There may come a time when a business has come to the end of its life – whether this is because the directors and owners are approaching retirement, there is no longer a need for the business, or the company is part of a larger group which you wish to restructure.
In any circumstance, it’s important to seek professional advice to discuss the options available to you. Failure to do so can be costly.
Our experienced Insolvency and Recovery team can provide initial advice and support you through the process, ensuring a compliant conclusion to your business.
We understand that every business is unique, and we’ll adopt an individual focus that extends beyond advice; working together with you to help you reach the best possible outcome.
For solvent companies, there are two main options available when closing your company down – Members Voluntary Liquidation (MVL) or a strike-off. The right option is heavily dependent on the current trading circumstances and the goals of the owners. Failure to complete the right process can see you fall foul of Directors duties and responsibilities, leading to fines.
An MVL is a solvent liquidation process typically used as a tax-efficient way to distribute cash and/or other assets to the shareholders of a company and represents an orderly wind-down of a company.
Despite being a solvent liquidation, an MVL is governed by the Insolvency Act 1986 and it is necessary to appoint a licensed Insolvency Practitioner to act as liquidator of the company.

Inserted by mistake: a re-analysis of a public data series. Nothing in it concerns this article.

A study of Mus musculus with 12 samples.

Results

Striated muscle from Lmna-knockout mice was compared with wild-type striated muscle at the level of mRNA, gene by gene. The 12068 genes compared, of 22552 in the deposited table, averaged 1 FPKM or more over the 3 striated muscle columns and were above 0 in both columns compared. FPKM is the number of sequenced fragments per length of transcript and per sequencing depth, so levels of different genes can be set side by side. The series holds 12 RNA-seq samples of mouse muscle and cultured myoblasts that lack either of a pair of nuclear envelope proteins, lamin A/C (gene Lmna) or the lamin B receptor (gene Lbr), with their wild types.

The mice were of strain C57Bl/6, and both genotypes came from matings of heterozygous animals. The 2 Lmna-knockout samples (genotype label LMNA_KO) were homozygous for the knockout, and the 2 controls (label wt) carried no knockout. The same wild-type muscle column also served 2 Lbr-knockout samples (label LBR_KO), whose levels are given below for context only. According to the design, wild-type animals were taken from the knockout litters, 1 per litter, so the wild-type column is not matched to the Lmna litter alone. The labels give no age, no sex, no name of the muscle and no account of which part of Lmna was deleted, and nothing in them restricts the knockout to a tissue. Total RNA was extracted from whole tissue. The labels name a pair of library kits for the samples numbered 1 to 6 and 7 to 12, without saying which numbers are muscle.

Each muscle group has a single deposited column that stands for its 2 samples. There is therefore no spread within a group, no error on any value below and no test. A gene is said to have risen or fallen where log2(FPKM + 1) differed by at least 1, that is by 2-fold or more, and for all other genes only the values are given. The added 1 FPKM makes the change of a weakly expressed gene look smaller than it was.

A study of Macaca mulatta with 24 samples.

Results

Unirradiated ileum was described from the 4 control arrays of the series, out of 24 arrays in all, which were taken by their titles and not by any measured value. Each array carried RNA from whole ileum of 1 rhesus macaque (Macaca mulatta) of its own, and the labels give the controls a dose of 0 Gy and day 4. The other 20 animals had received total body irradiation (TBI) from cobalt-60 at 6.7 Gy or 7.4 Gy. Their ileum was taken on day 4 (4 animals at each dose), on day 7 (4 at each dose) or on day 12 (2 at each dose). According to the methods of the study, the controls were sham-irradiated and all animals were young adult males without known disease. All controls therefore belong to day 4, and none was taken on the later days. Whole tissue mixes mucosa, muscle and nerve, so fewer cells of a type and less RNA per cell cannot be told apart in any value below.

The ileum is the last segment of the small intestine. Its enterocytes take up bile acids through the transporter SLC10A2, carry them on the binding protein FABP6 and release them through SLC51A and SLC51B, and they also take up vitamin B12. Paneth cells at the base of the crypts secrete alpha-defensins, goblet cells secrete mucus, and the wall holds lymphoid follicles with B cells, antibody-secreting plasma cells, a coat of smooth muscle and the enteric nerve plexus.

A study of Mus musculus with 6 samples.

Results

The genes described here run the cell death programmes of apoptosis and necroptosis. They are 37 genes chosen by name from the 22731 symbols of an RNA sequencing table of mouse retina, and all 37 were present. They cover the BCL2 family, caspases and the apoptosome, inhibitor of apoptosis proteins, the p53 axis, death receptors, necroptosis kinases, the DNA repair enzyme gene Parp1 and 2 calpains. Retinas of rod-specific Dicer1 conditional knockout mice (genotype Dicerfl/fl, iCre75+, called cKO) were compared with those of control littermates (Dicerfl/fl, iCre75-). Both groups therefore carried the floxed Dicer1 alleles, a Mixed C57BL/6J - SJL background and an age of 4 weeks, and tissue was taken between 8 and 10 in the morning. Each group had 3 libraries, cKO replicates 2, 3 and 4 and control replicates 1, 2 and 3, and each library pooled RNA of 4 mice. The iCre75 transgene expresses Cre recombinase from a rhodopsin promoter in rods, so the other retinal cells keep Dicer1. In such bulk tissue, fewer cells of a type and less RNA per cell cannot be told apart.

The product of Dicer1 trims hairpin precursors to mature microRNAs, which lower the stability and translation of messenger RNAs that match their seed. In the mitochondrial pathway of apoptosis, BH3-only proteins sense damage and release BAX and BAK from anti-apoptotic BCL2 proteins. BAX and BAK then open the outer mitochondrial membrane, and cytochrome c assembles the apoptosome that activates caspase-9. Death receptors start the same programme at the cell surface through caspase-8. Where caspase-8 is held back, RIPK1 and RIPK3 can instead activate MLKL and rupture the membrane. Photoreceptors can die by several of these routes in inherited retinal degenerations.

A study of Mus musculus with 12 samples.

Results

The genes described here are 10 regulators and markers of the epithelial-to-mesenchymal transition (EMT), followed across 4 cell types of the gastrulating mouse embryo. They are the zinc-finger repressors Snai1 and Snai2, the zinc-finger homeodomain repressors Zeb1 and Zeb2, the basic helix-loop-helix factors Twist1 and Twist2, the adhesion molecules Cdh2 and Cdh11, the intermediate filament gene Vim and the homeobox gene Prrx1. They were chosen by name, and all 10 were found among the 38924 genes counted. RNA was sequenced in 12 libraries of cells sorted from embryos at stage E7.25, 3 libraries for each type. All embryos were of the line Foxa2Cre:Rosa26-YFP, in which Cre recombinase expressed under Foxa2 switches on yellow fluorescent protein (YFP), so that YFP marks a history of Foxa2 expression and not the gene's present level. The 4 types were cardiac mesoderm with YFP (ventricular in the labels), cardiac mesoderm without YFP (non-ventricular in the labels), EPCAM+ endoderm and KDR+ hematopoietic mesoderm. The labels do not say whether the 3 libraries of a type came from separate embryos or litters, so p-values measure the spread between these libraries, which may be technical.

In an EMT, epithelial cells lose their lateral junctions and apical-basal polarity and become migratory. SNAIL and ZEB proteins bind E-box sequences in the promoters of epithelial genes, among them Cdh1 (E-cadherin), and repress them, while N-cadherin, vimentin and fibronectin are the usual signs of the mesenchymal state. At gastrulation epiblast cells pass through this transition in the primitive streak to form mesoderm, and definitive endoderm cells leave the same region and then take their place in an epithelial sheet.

To enter into an MVL the shareholders must make a sworn Declaration of Solvency, which states that they have thoroughly reviewed the company’s balance sheet and finances and have concluded that it is solvent and able to reasonably repay all existing and prospective debts within a period of no more than 12 months.
The shareholders of a solvent company then pass a voluntary winding up resolution to realise the assets of the business in order to distribute the proceeds to company members.
The striking-off process of closing a company is far simpler than undergoing MVL. However, there are strict criteria that must be met to prevent rejection from HMRC and Companies House.
The business Directors will have to send form DS01 to Companies House. They must confirm that in the three months before the application, the company hasn’t traded, changed its name, or disposed of any assets.
Directors must pay any outstanding liabilities, dispose of assets, close the bank account and inform all relevant parties. If a copy of the DS01 application is not sent to the relevant parties within 7 days and notice is not provided within this time period, you could potentially be fined.
The business will be dissolved once 2 months’ notice has passed and nobody has objected.
Whilst a strike-off application is quick, cheap, and relatively simple, it’s important to bear in mind that there is no legal way of returning the remaining capital to shareholders, and that assets will be ‘lost’ and any distribution of such assets would be illegal.